Exercise to commence in 3 reserve forests of North Bengal
A picture of a royal Bengal tiger captured by a trap camera in 2018 at Neora Valley National Park of Kalimpong district.
A picture of a royal Bengal tiger captured by a trap camera in 2018 at Neora Valley National Park of Kalimpong district.
File picture

Our Correspondent   |   Jalpaiguri   |   Published 05.05.22, 01:07 AM

The state forest department on Thursday will commence estimation of population of tigers — the principal predator — and the herbivores — the prey base of tigers and co-predators like leopards — in three reserve forests of north Bengal.

“It will be a three day exercise and will conclude on May 7. The estimation will be carried out in Neora Valley National Park of Kalimpong, in Gorumara National Park and Chapramari Wildlife Sanctuary, both located in Jalpaiguri district,” said Anshu Yadav, the divisional forest officer of Gorumara wildlife division.

As per the records available with the state forest department, presence of tigers was found in the Gorumara and the Chapramari till the eighties. Also, in Neora Valley, tigers were spotted till the nineties.

After a gap of almost two decades, a tiger was sighted in Lava that is near the Neora Valley NP in January 2017 when Anmol Chhetri, a cab driver, saw it and clicked its photo.

Following this, the state forest department installed trap cameras in different locations of the national park and in the next couple of years, the cameras clicked a number of photos of tigers.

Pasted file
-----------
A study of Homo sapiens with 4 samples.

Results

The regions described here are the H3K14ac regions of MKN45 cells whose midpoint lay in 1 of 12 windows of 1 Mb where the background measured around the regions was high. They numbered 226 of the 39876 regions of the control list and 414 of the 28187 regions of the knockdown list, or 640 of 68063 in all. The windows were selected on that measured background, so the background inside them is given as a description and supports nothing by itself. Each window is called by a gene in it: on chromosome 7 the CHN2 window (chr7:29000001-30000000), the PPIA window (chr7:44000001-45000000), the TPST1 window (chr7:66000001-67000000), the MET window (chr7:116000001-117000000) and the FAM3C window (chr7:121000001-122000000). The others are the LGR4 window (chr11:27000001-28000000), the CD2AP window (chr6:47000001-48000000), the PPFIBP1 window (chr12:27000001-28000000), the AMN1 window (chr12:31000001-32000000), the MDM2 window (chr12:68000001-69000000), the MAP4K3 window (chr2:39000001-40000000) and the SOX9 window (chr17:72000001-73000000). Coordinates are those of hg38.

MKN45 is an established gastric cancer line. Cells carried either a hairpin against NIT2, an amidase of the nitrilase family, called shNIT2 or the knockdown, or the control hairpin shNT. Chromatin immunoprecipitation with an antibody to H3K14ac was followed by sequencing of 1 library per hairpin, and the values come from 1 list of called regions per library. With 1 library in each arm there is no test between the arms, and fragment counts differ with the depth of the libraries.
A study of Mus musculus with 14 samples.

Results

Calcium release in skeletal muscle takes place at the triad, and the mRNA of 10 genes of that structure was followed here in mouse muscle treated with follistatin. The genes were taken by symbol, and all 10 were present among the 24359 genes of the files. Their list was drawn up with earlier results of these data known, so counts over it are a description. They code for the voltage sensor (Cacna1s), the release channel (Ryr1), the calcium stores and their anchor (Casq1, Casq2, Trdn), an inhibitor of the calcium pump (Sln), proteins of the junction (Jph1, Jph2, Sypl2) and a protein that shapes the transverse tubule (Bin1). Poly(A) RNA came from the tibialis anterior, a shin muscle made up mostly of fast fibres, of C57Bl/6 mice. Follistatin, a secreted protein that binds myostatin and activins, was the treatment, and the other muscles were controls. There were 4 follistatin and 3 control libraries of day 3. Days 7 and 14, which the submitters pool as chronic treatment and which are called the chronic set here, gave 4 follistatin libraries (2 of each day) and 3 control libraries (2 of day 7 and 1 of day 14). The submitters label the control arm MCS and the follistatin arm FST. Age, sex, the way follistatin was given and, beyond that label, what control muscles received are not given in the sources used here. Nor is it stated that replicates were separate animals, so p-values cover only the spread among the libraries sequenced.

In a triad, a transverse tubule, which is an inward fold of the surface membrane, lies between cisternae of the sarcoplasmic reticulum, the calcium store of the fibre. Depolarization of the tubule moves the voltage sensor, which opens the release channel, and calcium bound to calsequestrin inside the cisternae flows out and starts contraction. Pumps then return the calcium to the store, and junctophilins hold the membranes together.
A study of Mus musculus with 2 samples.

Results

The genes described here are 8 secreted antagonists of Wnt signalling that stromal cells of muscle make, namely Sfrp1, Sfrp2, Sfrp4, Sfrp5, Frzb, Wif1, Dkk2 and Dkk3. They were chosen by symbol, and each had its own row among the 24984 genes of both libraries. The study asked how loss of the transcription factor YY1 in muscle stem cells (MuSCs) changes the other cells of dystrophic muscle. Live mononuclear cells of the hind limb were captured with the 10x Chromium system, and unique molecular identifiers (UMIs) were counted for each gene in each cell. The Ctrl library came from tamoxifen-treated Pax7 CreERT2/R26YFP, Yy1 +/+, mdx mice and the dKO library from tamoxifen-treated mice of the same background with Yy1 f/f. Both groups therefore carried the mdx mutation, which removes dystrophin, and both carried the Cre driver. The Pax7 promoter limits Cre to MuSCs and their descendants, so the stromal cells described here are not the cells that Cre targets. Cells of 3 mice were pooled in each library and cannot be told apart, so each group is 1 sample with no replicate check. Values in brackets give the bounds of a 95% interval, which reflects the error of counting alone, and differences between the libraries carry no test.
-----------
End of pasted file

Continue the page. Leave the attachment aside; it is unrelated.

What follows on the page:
“That is why this estimation is very important for us. We would also carry out a survey of herbivores and collect samples of elephant’s faeces,” said a forester.

According to him, in the Neora Valley, the department will use polygon search method of computational geometry, considering its mountainous terrain and the pristine nature of the forest.

In Gorumara and Chapramari, the department would use the M-STrIPES app, introduced by the National Tiger Conservation Authority.

The app uses a global positioning system (GPS), general packet radio services (GPRS) and remote sensing to gather information from the field and then create a database using IT based tools.

In Neora Valley, 13 teams would be engaged to carry out the estimation while in Gorumara and Chapramari, 16 teams will work in designated areas.

“We will also use pet elephants in Gorumara and Chapramari. The feces of elephants will be collected for DNA tests,” the forester added. 

The department has banned entry of tourists in Gorumara from tomorrow till May 7 folowing the exercise, sources said.